Under a new policy, when multi-use trails in Bloomington are closed—because of work by contractors or a dangerous situation—a detour has to be provided that gives trail users a convenient alternate route.
The policy was adopted by Bloomington’s board of park commissioners at its regular meeting on Tuesday.
Under the new policy, the closure has to be marked with signage that’s compliant with the Indiana Manual on Uniform Traffic Control Devices (MUTCD).
The policy also says that the decisions by the board about trail closures and detours have to be made “in collaboration” with the city engineer.
The development of the policy came after complaints about the city’s implementation last year of a detour and signage for a B-Line closure. That closure was made in connection with the unsafe building order issued by the city for the Johnson’s Creamery smokestack.
The signage for the Johnson’s Creamery B-Line closure consisted of an 8.5 x 11 laminated sheet. The wording on the sign for the initial detour directed trail users from the north to head across a parking lot to Morton Street, south along Morton to 7th Street, then west to The B-Line. The length of the detour was about 850 feet compared to the 350-foot segment of the closed-off trail.
After complaints from Bloomington resident Greg Alexander, who also serves on the city’s traffic commission, that detour was eventually changed so that a pathway parallel to the trail, through the parking lot, was delineated with orange water-filled barriers.
Even the revised detour was not adequate, according to traffic commissioner Sarah Ryterband at the time. She said about the revised detour, “It was kind of a piss-poor attempt, if you’ll forgive the expression.”
Ryterband made her remark when Alexander brought the issue in front of the traffic commission. He proposed that the traffic commission make a recommendation to the city council that the city code be amended in a way that would include trails like The B Line in the definition of public right-of-way.
The consequence of including The B Line in the definition of public right-of-way would have been to require that the city engineer, as opposed to the parks department, supervise any decisions on the trail’s closure.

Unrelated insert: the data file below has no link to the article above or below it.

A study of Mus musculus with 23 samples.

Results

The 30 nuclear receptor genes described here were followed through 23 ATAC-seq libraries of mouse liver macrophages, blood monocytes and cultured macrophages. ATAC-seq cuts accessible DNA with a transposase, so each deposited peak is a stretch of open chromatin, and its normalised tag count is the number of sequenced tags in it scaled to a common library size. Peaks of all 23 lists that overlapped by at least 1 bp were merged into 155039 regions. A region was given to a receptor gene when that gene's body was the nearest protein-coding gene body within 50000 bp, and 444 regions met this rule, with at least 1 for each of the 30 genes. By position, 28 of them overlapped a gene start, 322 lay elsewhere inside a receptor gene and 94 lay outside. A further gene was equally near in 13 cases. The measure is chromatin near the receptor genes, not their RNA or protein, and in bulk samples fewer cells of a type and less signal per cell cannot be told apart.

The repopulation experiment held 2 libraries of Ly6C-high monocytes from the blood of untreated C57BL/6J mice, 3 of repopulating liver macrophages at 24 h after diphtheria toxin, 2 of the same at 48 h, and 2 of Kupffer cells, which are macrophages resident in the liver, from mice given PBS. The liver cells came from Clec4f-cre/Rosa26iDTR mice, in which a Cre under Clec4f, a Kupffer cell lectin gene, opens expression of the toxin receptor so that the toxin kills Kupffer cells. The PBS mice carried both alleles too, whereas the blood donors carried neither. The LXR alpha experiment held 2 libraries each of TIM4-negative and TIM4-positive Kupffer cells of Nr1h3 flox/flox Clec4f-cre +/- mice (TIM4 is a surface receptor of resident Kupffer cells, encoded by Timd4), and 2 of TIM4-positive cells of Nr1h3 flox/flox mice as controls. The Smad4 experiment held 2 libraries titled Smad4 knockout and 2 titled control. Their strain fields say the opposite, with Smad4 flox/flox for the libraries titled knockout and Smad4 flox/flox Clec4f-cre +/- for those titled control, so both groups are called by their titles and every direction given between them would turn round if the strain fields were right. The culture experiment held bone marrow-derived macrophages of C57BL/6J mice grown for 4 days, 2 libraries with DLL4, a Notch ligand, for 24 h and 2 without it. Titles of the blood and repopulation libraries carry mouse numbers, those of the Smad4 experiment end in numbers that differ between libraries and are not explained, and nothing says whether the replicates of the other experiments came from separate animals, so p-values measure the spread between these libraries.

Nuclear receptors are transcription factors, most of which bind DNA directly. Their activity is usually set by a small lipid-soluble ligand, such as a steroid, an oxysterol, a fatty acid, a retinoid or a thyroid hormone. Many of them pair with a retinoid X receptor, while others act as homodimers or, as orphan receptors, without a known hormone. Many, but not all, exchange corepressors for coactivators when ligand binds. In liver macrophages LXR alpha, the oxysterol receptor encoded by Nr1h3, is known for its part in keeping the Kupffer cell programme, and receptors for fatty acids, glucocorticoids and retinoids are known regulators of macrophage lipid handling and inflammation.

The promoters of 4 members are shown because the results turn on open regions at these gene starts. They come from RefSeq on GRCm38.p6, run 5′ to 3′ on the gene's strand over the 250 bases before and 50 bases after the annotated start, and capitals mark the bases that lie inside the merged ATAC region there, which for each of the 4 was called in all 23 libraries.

Other traffic commissioners and city staff were opposed to making a recommendation about changing the city code. The approach preferred by city staff was to have the board of park commissioners develop a policy on trail closures and detours.
At the heart of the issue was the question: Who should have ultimate responsibility for multi-use trail closures and detours—the board of park commissioners or a traffic engineer?
Alexander presented a case to the traffic commission that it should be the city engineer’s role to supervise trail closures and detours. But traffic commissioners were unpersuaded that the right approach was to change city code.
The policy approved by the board of park commissioners on Tuesday was first considered, but tabled, at the board’s November 2022 meeting.
At the November meeting, Alexander told the board from the public mic that a decision by the board to close a trail or approve a detour should not be made “in collaboration with” or “in consultation with” the city engineer, Alexander said. Rather it should be done “under the supervision of” the city engineer.
At the November meeting, board member Jim Whitlach indicated that he wanted the policy to make clear that it’s the parks board that makes the decision, not the city engineer.
On Tuesday, when parks operation director Tim Streets presented the board with the policy again, he pointed out that the wording in the policy says “in consultation” with an engineer when it comes to designing and building new trails. But the policy says “in collaboration” with an engineer, when the issue is a trail closure or detour.
About the engineering department, Streets said, “We really lean on them and their expertise in this realm.”
The board’s Tuesday vote on the policy was unanimous.